Measuring the IPv6 network periphery

By on 6 May 2020

Category: Tech matters


Residential deployments provide one fundamental example of the difference between IPv4 and IPv6.

Read: Twelve steps to enable IPv6 in an ISP network

The typical IPv4 residential customer is assigned a single public IPv4 address from their provider’s space; additional machines reside in a private intranet and the Customer Premises Equipment (CPE), or router, provides network address translation (NAT).

In contrast, the CPE for an IPv6 residential customer is a true router, with a point-to-point IPv6 network between the CPE and the provider’s router, as well as a separate public IPv6 sub-network for the customer’s hosts. This changes our notion of the network ‘edge’ — the CPE in IPv4 is effectively an end-host, while the CPE in IPv6 is a router.

In our recent PAM 2020 paper, “Discovering the IPv6 Network Periphery“, we at the Center for Measurement and Analysis of Network Data and Naval Postgraduate School, define a new term for IPv6 CPE and routers at the edge: the IPv6 network periphery.

How does this deployment of IPv6 impact third-party measurements of the Internet?

One immediate result is that a traceroute, frequently used by operators for debugging as well as researchers for network mapping, provides much more ambiguous results.

A traceroute to a random destination address in the customer’s IPv6 network is unlikely to reach a machine (the customer’s subnet is typically at least a /64), which results in a series of non-responsive hops (the “*”‘s seen in a non-complete traceroute). But, a traceroute may die (be blocked or filtered) within the provider’s network, or even within the core of the Internet. Thus, it is unclear whether the last responsive hop is indeed the IPv6 periphery or not.

As part of our research, we use an algorithm for discovering the IPv6 periphery via large-scale measurements using the Yarrp high-speed topology prober. The results reveal significant numbers of IPv6 addresses unknown to previous topology studies: we found 64M unique IPv6 addresses, 99% of which were in neither of the two topology mapping campaigns we use to initialize our algorithm.

In addition to discovering previously undiscovered portions of the IPv6 Internet, our periphery discovery algorithm enables new insights into IPv6 deployments. For instance, IPv6 prefix size delegated by service providers to their customers can be inferred by observing contiguous blocks of address space with the same periphery address. While several RFCs and BCPs have prescribed a variety of standard allocation sizes from /48 to /64, these recommendations have changed over time and current guidance states that there is no one-size-fits-all prefix size to be delegated to end sites.

Using the data collected during our study, the following figures show three service providers with very different prefix size delegation policies. We note that the prefix sizes delegated from these three /48s need not be the only size allocated by these providers; in fact, differently-sized prefix allocations to different classes of customer by the same provider appears to be a common deployment scenario as well.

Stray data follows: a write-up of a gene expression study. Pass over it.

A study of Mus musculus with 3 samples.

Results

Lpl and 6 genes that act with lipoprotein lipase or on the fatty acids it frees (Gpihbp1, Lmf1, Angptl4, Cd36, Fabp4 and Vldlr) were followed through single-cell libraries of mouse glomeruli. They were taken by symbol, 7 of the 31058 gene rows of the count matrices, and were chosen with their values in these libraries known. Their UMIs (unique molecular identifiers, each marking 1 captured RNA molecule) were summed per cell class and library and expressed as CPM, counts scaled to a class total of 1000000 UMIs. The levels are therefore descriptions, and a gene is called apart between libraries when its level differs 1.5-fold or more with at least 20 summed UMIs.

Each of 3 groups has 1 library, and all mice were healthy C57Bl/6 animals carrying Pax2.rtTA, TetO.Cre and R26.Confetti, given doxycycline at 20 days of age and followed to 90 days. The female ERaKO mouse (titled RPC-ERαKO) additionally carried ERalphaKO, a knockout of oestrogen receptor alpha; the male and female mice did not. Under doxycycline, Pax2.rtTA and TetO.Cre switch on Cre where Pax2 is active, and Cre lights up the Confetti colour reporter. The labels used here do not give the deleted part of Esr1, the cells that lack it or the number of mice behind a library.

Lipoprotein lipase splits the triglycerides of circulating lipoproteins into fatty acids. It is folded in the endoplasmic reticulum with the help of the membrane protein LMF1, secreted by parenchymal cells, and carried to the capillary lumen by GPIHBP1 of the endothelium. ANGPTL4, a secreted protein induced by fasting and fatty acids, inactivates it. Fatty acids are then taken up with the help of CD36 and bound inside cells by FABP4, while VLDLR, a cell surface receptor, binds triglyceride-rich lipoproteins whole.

Figure 1 — Visualization of a Charter Communications /48 prefix.
Figure 1 — Visualization of a Charter Communications /48 prefix.

In the first figure, a probe was sent to a random IID in each of its constituent /64s; the y-axis represents the 7th-byte-value, and x-axis represents the 8th byte of the address probed. Each colour in the figure represents a different responsive address; in this example, we see that the /48 is divided into 256 /56 networks, which show up as differently coloured horizontal bands.

Figure 2 — Visualization of a Comcast /48 prefix.
Figure 2 — Visualization of a Comcast /48 prefix.

In the second example, we see that the first /49 is divided into /60s, while the second /49 is still unallocated or potentially allocated to a single customer, although the allocation of prefixes that do not fall on a nibble boundary has been discouraged.

Figure 3 — Visualization of a Viettel Group /48 prefix.
Figure 3 — Visualization of a Viettel Group /48 prefix.

In the final example, traces to each /64 in the /48 resulted in over 51,000 unique periphery addresses, implying that this prefix is both subnetted at a /64 granularity, and is approaching being completely allocated to customers. Unallocated /64s respond with the same periphery address, which appears as light blue in the first /49.

Read: One-third of Viet Nam now IPv6 capable

These three figures demonstrate but one insight into the IPv6 Internet we gain by discovering and analysing the IPv6 network periphery. We invite curious readers to watch our PAM presentation and read the full paper. We welcome your comments and questions below.

Watch: Erik Rye’s presentation at PAM 2020.

Erik Rye is a researcher with the Center for Measurement and Analysis of Network Data (CMAND) at the Naval Postgraduate School (NPS) in Monterey, California. His interests include network measurement, and security and privacy topics.